How will this cheap act end?


How will this pathetic drama end? It is a cheap on-again, off-again romance. The protagonists are Japanese Prime Minister Shinzo Abe and Osaka Mayor Toru Hashimoto, co-leader of the nationalist Japan Restoration Party.

The two marquee names of Japan’s right wing almost got together last summer when Abe was mentioned as a possible leader of the Japan Restoration Party that Hashimoto had founded. Hashimoto had invited Abe to join his party, but Abe chose the Liberal Democratic Party to run for prime minister again. In the end, another right-winger, Shintaro Ishihara, became the head of the Restoration Party.

While they had different party affiliations, Abe did not hide his affection for Hashimoto, calling him a “comrade.” In an interview with Sankei Shimbun in August 2012, Abe said he and Hashimoto “share a lot in education reform, constitutional revision and historical perspective.” He especially praised Hashimoto’s stance on the comfort women issue.

Hashimoto has become an international “public enemy” now, but even before his controversial remarks, he had already made terrible comments on comfort women. He frequently said the Kono Statement, which acknowledged the forcible mobilization of the comfort women, was the worst statement not based on evidence.

Abe has praised Hashimoto for being courageous. Abe became prominent after leading a group of Diet members who demanded omission of the comfort women issue from textbooks in 1997. The distortion of history has always been his tactic. So Hashimoto suited Abe’s liking.

At the end of last year, the general election separated the fates of the two politicians - one becoming the prime minister and the other the head of the second-largest opposition. But they were “partners to revise the pacifist constitution” and got together frequently to confirm their affection. So it was generally predicted that the two would collaborate in some form after the Upper House election in July.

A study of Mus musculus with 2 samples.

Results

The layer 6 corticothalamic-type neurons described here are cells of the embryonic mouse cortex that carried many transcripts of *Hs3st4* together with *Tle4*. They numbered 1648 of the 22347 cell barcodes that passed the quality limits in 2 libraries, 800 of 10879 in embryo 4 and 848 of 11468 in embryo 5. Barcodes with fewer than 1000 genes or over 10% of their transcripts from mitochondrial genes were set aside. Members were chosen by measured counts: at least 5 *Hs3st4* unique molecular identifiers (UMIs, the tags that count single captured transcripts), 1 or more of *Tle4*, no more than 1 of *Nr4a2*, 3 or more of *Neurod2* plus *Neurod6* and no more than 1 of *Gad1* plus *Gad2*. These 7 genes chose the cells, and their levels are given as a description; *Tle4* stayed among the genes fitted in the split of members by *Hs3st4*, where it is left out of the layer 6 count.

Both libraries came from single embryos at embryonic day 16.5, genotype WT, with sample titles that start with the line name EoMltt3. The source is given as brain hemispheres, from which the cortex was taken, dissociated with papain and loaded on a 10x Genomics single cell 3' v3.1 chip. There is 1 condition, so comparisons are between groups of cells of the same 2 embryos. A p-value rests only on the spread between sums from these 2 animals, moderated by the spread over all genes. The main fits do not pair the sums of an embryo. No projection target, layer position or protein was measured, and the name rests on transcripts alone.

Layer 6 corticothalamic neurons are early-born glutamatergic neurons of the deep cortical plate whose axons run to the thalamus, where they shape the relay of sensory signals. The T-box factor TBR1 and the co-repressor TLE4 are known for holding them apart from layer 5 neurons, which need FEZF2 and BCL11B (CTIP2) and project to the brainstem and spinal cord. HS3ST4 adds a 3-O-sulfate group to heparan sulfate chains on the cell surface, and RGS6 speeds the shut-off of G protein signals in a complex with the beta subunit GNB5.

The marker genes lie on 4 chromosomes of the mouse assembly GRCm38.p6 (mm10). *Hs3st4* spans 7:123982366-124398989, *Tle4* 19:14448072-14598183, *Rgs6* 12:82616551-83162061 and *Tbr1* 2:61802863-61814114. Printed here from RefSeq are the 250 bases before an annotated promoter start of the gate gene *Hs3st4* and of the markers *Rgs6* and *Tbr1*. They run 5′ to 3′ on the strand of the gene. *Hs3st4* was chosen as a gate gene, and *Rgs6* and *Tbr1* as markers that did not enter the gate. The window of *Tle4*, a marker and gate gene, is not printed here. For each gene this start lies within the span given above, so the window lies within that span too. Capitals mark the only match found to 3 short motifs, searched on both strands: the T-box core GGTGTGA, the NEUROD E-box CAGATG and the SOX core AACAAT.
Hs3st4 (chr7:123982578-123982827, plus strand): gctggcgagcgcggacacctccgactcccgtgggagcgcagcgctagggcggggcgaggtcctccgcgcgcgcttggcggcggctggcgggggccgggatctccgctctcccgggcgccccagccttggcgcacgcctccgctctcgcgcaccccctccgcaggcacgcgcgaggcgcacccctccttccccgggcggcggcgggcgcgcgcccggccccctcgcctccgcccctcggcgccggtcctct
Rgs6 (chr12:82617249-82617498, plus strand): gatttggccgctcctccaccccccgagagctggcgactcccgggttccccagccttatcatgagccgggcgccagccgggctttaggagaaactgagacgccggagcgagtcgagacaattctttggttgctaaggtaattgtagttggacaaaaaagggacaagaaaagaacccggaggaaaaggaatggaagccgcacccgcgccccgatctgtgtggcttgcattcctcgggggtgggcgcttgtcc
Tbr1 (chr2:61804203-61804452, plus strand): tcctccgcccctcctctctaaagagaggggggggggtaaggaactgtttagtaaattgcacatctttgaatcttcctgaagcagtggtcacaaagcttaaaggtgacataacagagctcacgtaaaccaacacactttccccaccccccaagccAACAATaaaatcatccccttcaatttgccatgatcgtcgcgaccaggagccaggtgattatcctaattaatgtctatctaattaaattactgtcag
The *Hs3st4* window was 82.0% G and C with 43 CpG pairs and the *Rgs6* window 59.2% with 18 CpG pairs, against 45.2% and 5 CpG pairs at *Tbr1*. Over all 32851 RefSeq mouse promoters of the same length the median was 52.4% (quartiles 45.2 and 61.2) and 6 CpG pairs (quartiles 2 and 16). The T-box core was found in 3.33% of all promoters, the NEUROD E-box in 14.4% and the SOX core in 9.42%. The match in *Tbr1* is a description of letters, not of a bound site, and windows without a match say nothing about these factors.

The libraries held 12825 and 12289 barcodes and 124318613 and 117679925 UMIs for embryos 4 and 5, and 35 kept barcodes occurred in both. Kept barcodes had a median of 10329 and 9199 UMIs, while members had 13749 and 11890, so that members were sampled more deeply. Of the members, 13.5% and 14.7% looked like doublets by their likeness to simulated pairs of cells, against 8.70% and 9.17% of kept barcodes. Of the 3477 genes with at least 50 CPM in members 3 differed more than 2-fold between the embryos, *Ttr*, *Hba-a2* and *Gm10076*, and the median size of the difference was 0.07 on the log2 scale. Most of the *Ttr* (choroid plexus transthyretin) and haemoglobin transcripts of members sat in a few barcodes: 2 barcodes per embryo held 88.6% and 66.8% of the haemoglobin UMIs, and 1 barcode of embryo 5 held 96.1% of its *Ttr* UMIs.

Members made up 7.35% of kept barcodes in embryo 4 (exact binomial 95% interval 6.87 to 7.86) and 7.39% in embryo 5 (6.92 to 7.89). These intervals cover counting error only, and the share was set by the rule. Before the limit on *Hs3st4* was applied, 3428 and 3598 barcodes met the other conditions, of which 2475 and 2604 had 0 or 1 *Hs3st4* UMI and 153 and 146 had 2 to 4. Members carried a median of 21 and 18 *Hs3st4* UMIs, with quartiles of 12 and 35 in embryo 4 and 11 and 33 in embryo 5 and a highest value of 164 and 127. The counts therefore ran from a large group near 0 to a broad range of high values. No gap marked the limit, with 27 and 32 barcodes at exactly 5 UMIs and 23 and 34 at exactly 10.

Then Hashimoto stirred the world by saying the comfort women were necessary. Since Hashimoto became the enemy of the entire world, Abe changed his stance completely. He had praised Hashimoto’s stance only a few months before, but he drew a clear line that his personal view, as well as the government and the Liberal Democratic Party, have a completely different stance. As if that was not enough, he sent the defense minister to an international conference and had him publicly say that the Abe government does not wish to be associated with the remark of the opposition leader and his historical view. Being betrayed by Abe, Hashimoto criticized him for “telling a lie depending on the situation.”

Only about a month is left until the Upper House election on July 21. Since the comfort women remark, the rating for Hashimoto’s party fell from second to fourth place. Trying to regain Abe’s favor, Hashimoto proposed to host the U.S. Forces’ controversial transport plane training facility in Osaka.

It is pathetic that Japanese politics is swayed by the pas de deux of two politicians with no pride, loyalty or repentance on the history of aggression.

* The author is the JoongAng Ilbo Tokyo correspondent.